A puddle of watercolour may join a pencil or ink drawing in my trail journal. Despite Three Points of the Compass being an indifferent artist, this is enjoyable ‘time out’ . However, any extra weight in my pack matters, particularly if art materials are only being used infrequently. So I cast around for lightweight solutions.
For the past five years or so a small watercolour palette has often joined me on trail. First it was one of the little Winsor and Newton palettes, then a Pocket Palette. These superb and convenient little palettes are based around a business card holder. However I found that I wanted to carry an eight or nine paint selection with a slightly different configuration than was possible with the Pocket Palette.
When hiking I am not spending long at a halt and wanted something really lightweight and small that I could simply shake out, fold up and swiftly be on my way. I obtained the exact layout I wanted, for the number of paints I wanted, by creating my own mini-palette.
What I required was permanently fitted, rather than removable, wells. For this I needed to build wells into an aluminium card holder along with additional wells for mixing. I found that a couple of inventive artists had done similar to what I wanted to achieve. So, I shamelessly took their ideas and tweaked to my requirement. Sorry about that…
The large aluminium business card holder from Muji is a well made affair that permits five shallow mixing wells to be created in the inside lid opposite deeper pigment wells in the main [business card] body. The number and shape of wells could easily be altered in any futher iterations. This palette also has white self-adhesive vinyl covering the inside of both top and bottom parts.
The Muji business card case weighs 19g when new and empty. It measures 93mm x 60mm x 8mm. Self-adhesive white vinyl is cut to fit the inside of both top lid and bottom card case then stuck in. Model makers 2.5mm x 4.0mm white strip styrene is used to create the wells. These strips can be purchased very cheaply in craft shops or online. I simply measured them off and snipped through them on a cutting mat with a large Wenger knife blade. Any rough edges were sanded down with glass paper, then, using a pair of tweezers to put them in place, individual strips are fixed in with super glue. They are glued on their short 2.5mm edge in the bottom to make deeper wells for holding paint, and on their wide 4.0mm edge inside the lid, to make shallower wells for mixing. The bespoke mini-palette weighs 29.6g when finished. Leave everything to dry then add my tube paints of choice.
A surprising amount of paint can be squeezed into the wells When filled with paint and again allowed to dry, for a couple of days with the lid open, the palette weighs 55g and forms part of my small art kit. The contents of this kit lasts me weeks on trail or when overseas. I keep a sports wrist band around it when stored inside my little sketching kit, this wrist band is worn while sketching and the little Pentel Aquash water brush I use can be wiped off against it when painting.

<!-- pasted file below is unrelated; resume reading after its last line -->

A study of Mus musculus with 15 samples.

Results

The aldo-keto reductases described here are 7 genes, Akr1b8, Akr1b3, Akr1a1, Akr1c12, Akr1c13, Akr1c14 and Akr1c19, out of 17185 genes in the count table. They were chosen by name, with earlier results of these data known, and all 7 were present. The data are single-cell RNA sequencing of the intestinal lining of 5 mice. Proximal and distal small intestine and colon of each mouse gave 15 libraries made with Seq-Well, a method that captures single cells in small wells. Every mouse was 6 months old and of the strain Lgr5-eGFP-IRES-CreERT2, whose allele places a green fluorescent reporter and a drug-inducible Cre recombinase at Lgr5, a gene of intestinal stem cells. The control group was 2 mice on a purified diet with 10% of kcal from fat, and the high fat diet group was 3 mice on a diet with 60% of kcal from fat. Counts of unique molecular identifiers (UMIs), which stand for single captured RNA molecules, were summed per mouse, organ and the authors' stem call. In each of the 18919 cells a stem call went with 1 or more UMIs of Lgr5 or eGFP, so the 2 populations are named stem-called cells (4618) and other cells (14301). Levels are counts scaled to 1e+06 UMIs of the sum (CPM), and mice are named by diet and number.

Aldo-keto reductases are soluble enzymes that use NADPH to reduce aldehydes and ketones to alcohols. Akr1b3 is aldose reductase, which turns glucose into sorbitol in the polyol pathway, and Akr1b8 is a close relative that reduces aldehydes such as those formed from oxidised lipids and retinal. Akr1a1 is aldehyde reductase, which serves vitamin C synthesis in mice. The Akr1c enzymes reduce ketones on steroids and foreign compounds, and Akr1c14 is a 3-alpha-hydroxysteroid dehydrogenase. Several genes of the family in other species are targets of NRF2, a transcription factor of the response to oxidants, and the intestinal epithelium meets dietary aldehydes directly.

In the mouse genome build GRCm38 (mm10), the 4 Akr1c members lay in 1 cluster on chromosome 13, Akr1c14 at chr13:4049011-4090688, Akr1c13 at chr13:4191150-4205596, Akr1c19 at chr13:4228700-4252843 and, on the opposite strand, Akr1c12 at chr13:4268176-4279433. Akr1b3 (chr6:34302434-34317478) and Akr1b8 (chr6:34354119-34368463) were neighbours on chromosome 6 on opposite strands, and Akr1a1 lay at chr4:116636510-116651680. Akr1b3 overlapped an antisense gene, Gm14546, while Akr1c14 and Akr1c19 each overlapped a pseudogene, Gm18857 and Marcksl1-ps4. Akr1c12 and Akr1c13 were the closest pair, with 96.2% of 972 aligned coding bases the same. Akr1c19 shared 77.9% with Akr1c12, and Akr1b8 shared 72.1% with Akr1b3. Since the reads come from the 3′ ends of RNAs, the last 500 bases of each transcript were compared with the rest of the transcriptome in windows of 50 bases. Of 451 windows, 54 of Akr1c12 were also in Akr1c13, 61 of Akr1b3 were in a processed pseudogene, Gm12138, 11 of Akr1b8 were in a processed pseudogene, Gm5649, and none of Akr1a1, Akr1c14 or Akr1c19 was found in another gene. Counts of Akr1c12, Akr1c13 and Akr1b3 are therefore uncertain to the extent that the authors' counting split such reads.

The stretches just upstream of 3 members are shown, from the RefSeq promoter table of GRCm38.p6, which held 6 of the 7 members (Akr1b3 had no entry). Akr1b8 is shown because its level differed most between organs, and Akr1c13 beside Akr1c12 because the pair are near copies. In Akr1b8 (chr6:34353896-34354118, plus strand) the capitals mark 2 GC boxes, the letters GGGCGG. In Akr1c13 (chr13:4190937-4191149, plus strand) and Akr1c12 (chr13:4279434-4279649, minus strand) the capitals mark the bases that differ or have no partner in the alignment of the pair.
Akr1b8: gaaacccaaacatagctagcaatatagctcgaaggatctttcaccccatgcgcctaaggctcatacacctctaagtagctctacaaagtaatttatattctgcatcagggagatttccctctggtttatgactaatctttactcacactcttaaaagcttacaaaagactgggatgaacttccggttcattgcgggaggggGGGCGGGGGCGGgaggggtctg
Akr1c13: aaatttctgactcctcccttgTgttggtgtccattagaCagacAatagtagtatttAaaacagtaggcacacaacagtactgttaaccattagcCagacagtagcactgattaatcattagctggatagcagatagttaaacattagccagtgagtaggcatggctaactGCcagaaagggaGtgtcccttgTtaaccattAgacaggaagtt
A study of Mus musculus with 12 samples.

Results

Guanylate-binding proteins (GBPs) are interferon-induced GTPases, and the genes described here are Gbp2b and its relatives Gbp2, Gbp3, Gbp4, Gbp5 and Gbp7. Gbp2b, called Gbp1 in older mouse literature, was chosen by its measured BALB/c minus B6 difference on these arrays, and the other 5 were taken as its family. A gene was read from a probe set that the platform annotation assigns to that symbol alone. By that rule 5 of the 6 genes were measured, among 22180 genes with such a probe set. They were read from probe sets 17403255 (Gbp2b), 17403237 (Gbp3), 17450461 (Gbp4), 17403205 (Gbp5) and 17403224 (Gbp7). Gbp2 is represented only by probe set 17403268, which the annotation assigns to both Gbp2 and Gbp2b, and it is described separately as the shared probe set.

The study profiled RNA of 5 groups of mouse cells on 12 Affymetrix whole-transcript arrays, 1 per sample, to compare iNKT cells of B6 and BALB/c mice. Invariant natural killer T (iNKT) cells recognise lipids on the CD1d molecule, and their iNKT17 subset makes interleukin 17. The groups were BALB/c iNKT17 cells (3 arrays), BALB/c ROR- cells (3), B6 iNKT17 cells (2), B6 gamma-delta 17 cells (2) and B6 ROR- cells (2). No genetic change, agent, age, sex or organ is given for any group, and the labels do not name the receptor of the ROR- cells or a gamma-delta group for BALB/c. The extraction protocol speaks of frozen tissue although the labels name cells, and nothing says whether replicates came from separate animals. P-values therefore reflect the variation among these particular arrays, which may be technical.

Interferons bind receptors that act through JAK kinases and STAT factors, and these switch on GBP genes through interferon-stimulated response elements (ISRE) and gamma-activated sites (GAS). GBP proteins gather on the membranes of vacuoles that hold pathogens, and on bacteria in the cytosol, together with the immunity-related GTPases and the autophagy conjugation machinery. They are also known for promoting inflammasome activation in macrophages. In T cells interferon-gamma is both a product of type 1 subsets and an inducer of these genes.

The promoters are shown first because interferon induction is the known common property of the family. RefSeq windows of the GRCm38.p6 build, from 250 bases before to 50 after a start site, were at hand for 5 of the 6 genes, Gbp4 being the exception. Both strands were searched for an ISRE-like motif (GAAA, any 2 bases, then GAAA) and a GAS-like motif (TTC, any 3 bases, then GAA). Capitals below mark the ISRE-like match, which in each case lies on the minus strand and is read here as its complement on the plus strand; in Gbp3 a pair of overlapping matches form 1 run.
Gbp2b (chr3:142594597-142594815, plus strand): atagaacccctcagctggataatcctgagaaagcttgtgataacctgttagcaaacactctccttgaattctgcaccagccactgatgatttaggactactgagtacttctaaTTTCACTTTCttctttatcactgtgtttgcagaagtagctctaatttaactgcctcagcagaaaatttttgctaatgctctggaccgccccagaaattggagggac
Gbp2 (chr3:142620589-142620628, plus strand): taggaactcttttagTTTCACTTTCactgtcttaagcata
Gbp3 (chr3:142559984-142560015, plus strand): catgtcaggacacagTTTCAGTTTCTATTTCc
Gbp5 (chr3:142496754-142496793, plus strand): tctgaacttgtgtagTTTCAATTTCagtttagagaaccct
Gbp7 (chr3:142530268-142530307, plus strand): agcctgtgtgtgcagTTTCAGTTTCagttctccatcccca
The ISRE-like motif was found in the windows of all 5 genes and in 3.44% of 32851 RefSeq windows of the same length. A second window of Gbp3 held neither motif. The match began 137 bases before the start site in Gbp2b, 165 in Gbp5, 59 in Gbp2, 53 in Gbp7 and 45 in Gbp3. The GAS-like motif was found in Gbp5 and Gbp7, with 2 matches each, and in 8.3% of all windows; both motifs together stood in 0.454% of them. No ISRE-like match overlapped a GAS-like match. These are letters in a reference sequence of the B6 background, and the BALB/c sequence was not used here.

A nine colour palette
For my limited palette I looked for high quality paints that are also all single pigment. Paint choice is a very personal thing and what I like may not be to everyone’s liking. This palette is based primarily around warm and cool primary colours with just a couple of extras such as an earth tone and two handy convenience greens thrown in, including my favourite- Perylene Green.
Some pigments can be a little hard to track down. I understand manufacture of the single pigment (PY153) New Gamboge stopped a few years ago. And if I wanted to buy the Quinacridone Gold as a single pigment (PO49) then I used to have to buy the larger 15ml Daniel Smith tubes as smaller tubes contained a mix of PO48 and PY150 pigments, but Daniel Smith have now totally run out of PO49, so it looks as though this is the end for this particular pigment as well as any other colours that used it. The lovely earth colour- Monte Amiata Natural Sienna from Daniel Smith isn’t the easiest of the PBr7 earth pigments to find either. Why do I include two wells of Perylene Green- (PBk31)? Because I use so much of it. Though I only part fill the two larger wells with this green as I can then puddle a required tone in those wells. This is a quite beautiful, moody pigment that works terrifically for shadows, skies, and hills, as well as mixing dramatically with other pigments.
- Quinacridone Gold- (PO49). Daniel Smith
- Hansa Yellow medium- (PY97). Daniel Smith
- New Gamboge- (PY153). Winsor & Newton
- Cupric Green Light (Phthalocyanine Green Yellow Shade)- (PG36). MaimeriBlu
- Perylene Green- (PBk31). Daniel Smith
- Cerulean Blue- (PB35). Winsor & Newton
- Ultramarine (Green shade)- (PB29). Winsor & Newton
- Monte Amiata Natural Sienna- (PBr7). Daniel Smith
- Permanent Rose- (PV19). Winsor & Newton
I have written a little more on the various art materials I have either used or considered for use on trail, here.